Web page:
Six Extinction Rebellion activists have been acquitted in a landmark verdict at Southwark Crown Court this afternoon.
The jury delivered its not guilty verdict for each defendant, despite Judge Perrins ruling that five of the six had no defence under the law.
The trial, for criminal damage to the Shell HQ building in Waterloo in April 2019, could have led to a maximum five year prison sentence and/or a £10k fine.
During the protest – which lasted over 24 hours – activists poured fake oil, glued themselves to the windows and blocked doors.
They cracked several windows, climbed onto the entrance canopy, dropped banners and painted the exterior with ‘Shell Knew’, ‘Climate Criminals’ and ‘Lies’.
This is XR’s second case to be heard before a jury and the verdict is being hailed as a major victory for climate campaigners everywhere facing increasing criminalisation.
Defendant Simon Bramwell, 49, cofounder of Extinction Rebellion, said: “It is a significant victory for the truth of these times, when despite the letter of the law, jurors can clearly see that a broken window is a just response to a breaking world.”
“How fitting that this comes after Earth Day and the two year anniversary of the death of environmental lawyer Polly Higgins, founder of the Stop Ecocide campaign, to whom we dedicated our non violent direct action against Shell.
“With today’s verdict, it is clear who the real climate criminals are in the climate and ecological emergency. ‘Shell knew’ as we wrote.”
The six defendants – Jane Augsburger 55, Senan Clifford – 60, David Lambert – 62, Sid Saunders 41 and Extinction Rebellion co-founders Ian Bray, 53 and Simon Bramwell, 49 – were charged with over £25k criminal damage during an action at the Shell building on the first day of XR’s 2019 April Rebellion.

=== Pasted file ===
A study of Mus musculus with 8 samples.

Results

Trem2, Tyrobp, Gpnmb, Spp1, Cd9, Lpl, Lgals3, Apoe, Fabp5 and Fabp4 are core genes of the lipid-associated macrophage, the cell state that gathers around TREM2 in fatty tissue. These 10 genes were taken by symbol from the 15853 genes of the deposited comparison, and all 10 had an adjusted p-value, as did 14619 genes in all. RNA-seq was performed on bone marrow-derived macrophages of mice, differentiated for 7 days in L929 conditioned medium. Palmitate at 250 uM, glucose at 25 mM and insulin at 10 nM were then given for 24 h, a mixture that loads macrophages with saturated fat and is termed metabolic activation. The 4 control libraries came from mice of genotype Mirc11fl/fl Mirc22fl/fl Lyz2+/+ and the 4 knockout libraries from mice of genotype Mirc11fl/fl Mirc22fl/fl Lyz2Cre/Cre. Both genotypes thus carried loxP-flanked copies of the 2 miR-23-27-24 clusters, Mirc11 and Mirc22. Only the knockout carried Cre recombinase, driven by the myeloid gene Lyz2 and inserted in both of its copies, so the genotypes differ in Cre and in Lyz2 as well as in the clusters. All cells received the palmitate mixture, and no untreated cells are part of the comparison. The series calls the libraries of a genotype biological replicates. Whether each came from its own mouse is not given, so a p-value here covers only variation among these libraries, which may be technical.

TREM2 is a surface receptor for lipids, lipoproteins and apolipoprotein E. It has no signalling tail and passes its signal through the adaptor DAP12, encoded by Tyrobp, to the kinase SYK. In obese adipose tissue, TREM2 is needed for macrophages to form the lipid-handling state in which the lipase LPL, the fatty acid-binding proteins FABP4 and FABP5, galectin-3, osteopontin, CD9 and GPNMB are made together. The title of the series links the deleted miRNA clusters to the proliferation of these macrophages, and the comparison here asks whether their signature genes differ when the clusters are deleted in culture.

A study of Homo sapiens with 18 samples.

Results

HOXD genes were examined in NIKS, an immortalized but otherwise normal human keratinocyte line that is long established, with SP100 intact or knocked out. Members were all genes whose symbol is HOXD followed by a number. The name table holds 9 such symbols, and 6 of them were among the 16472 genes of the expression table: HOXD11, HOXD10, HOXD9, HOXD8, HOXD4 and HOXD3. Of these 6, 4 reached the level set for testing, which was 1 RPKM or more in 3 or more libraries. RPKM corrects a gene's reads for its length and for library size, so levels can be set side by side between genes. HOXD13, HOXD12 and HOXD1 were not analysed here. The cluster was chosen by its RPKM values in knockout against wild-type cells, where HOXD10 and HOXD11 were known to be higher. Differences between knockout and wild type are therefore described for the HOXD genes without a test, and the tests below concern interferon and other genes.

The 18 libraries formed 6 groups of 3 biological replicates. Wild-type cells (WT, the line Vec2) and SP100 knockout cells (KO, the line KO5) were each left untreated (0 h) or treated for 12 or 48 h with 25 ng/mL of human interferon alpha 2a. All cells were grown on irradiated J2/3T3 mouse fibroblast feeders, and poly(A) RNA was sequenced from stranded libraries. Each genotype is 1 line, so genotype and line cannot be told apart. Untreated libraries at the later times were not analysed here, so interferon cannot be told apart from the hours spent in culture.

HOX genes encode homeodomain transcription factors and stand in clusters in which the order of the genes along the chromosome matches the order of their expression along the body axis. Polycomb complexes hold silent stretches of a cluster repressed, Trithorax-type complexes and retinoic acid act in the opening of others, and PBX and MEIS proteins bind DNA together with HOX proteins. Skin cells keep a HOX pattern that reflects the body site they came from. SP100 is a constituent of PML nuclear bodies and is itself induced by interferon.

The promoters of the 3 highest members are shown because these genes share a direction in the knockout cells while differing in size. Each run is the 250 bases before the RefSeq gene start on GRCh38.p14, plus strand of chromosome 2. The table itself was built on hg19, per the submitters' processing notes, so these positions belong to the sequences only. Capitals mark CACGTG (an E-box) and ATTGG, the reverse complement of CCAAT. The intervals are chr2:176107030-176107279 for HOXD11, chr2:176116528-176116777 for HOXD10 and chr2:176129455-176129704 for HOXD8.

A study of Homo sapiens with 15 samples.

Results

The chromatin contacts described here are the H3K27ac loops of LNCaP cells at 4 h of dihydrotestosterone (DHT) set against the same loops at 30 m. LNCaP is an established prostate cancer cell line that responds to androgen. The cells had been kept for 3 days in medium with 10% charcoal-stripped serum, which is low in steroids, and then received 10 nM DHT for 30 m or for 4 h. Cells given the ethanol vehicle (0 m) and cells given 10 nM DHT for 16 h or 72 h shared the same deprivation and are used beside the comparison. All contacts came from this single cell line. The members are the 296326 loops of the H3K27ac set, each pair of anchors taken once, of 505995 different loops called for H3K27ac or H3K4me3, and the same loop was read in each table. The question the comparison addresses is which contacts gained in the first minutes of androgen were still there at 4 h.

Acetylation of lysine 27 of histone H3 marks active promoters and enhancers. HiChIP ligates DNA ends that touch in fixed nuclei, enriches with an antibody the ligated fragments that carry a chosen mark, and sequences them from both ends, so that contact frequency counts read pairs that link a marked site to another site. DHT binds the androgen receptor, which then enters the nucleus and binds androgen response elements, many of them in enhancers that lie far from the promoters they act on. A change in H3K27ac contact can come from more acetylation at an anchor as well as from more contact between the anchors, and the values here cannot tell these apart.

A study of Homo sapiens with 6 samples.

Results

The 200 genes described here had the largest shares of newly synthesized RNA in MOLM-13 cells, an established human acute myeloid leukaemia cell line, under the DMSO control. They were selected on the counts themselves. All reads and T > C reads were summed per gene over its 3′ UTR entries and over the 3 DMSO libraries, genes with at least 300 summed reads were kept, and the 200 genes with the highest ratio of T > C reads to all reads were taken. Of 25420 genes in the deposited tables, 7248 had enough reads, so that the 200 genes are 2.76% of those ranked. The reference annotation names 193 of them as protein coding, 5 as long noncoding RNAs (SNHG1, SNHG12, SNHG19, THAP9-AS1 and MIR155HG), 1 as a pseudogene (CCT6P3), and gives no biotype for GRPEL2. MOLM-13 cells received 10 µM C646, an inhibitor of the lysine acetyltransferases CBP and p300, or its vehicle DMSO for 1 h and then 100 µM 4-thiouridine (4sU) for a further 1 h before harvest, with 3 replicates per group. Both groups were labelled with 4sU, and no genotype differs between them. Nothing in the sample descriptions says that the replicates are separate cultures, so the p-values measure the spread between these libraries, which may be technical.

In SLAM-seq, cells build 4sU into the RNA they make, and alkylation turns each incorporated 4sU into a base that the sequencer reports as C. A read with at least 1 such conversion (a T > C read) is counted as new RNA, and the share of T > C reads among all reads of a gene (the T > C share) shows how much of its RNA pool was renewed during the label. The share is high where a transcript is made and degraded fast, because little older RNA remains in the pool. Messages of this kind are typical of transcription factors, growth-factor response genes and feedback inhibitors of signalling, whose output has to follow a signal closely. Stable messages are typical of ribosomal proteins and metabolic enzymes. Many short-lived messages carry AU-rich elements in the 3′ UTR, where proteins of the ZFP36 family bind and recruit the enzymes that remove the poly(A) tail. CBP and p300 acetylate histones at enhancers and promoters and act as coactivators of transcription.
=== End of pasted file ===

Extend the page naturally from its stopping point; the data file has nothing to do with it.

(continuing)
Katerina Hasapopoulous, 43, who also took part in the action, pleaded guilty on April 12 as the trial began, as she is breastfeeding – and home educates her three daughters.
In his own summing up, Judge Perrins told the jury it was rare for defendants to accept what they did, but still plead ‘not guilty’.
“This is a highly unusual case,” he said.
“As I have said already, this is a court of law, it is not a court of morals.”
“I have given you clear direction on what the law is and your duty to apply that law to the facts as you find them to be.”
He went on to remind them of the oath they had taken to “reach true verdicts according to the evidence”.
Adding: “Those are not mere empty words. A true verdict is one that is reached having all due regard to the law. That is how our jury system works and that is what you all pledged to do.”
Senan Clifford, a 60 year old former teacher now working as a carpenter, told the jury in his closing statement: “I was highlighting who are the real criminals here, the consequences of thirty years of missed opportunities.”
“Shell is legally allowed to destroy the planet.
“I acted for my children, grandchildren, all the children – they look to us adults not doing anything.
“The science says we have no time to waste, there is no time for the law to catch up. Every day we don’t act drives us into a future we do not want.”